Statement of Debra L. Ness, Leader, Campaign for Better Care
WASHINGTON, D.C. — April 14, 2011 — "Tomorrow, the House of Representatives is poised to vote on a budget proposal authored by Rep. Paul Ryan (R-WI) that would undermine many of the programs on which vulnerable older patients, their family caregivers, and seniors throughout the nation rely.
The Ryan budget proposal would cause grave harm to the oldest and sickest people in America today, and to those who will be older and sicker in years to come. We strongly urge the House of Representatives to reject it.
Rather than improving the quality and affordability of health care, this proposal would dismantle Medicare and Medicaid, widen the donut hole, and put Social Security at risk. There is certainly a better way.
Turning Medicare into a voucher program that leaves seniors to pay two-thirds of the costs of their care would effectively deny critical health services to those who need them most. This proposal would effectively renege on America’s commitment to its retirees.
Block-granting Medicaid is nothing more than a cost-shift to states that are already facing fiscal crises. Block grants would mean cutting reimbursement to doctors, hospitals, nursing homes and pharmacies that would cause states to cut services and cause providers to limit the number of patients they see or withdraw from the program altogether. It would shift costs to those who can least afford it.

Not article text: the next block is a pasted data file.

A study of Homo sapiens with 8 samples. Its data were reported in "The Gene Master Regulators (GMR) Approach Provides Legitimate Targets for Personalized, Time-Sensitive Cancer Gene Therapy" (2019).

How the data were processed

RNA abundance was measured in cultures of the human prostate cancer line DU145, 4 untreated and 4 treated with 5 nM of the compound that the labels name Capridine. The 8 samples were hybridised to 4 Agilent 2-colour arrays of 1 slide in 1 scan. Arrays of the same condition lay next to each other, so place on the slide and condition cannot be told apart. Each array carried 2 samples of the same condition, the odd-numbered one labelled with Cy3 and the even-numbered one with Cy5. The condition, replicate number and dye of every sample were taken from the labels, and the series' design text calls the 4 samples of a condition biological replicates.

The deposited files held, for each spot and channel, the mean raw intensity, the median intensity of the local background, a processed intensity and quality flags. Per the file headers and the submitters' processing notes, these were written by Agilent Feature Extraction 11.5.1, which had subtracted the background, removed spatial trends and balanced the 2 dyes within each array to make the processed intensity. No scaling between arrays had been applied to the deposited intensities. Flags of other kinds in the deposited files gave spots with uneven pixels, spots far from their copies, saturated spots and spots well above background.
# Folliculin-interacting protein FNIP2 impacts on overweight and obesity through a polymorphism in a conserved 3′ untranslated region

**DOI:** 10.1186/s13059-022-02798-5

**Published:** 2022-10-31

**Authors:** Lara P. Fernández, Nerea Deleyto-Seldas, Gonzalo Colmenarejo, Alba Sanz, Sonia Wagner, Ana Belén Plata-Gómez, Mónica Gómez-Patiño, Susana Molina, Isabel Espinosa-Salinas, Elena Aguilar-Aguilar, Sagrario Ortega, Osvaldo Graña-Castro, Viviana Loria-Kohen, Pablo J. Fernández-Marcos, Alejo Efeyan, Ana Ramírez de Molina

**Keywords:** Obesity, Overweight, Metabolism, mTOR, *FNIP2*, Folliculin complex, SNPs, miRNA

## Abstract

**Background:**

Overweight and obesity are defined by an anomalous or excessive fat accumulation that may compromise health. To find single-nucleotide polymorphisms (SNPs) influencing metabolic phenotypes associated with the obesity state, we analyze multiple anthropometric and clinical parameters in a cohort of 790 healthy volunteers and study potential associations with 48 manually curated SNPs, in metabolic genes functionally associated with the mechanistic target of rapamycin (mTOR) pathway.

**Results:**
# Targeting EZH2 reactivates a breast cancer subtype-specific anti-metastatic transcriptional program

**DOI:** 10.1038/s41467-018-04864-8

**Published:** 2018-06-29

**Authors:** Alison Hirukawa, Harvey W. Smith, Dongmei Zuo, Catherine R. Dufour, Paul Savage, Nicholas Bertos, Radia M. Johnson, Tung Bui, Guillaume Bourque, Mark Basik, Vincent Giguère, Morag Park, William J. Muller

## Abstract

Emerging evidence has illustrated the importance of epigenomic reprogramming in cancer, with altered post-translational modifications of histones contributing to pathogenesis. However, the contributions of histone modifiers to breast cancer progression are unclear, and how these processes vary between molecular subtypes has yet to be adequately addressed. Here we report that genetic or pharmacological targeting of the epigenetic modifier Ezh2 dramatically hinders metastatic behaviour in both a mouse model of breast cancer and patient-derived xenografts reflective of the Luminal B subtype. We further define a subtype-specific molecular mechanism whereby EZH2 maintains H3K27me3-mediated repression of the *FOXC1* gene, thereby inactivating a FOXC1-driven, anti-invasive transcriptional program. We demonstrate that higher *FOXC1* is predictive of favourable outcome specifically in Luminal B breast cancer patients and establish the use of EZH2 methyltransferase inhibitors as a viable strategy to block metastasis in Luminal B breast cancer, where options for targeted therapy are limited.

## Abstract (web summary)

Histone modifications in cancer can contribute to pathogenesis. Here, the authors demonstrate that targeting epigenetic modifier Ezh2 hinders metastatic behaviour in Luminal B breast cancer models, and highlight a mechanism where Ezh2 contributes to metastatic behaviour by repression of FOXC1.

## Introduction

This is simply unacceptable. The Campaign for Better Care works to protect vulnerable older patients with multiple health problems and ensure that they can access well-coordinated, quality health care. This budget would make achieving those goals vastly more difficult.
We urge the House to reject it and instead focus on implementing the reforms that vulnerable older patients and their family caregivers need — initiatives like the Partnership for Patients, launched this week by the U.S. Department of Health and Human Services. This new initiative can save billions of dollars at the same time it save s lives, prevent s injuries and unnecessary hospital readmissions, and improves patient outcomes. We urge Congress to put its energy into strategies that will improve — not undermine — care for those who need help the most."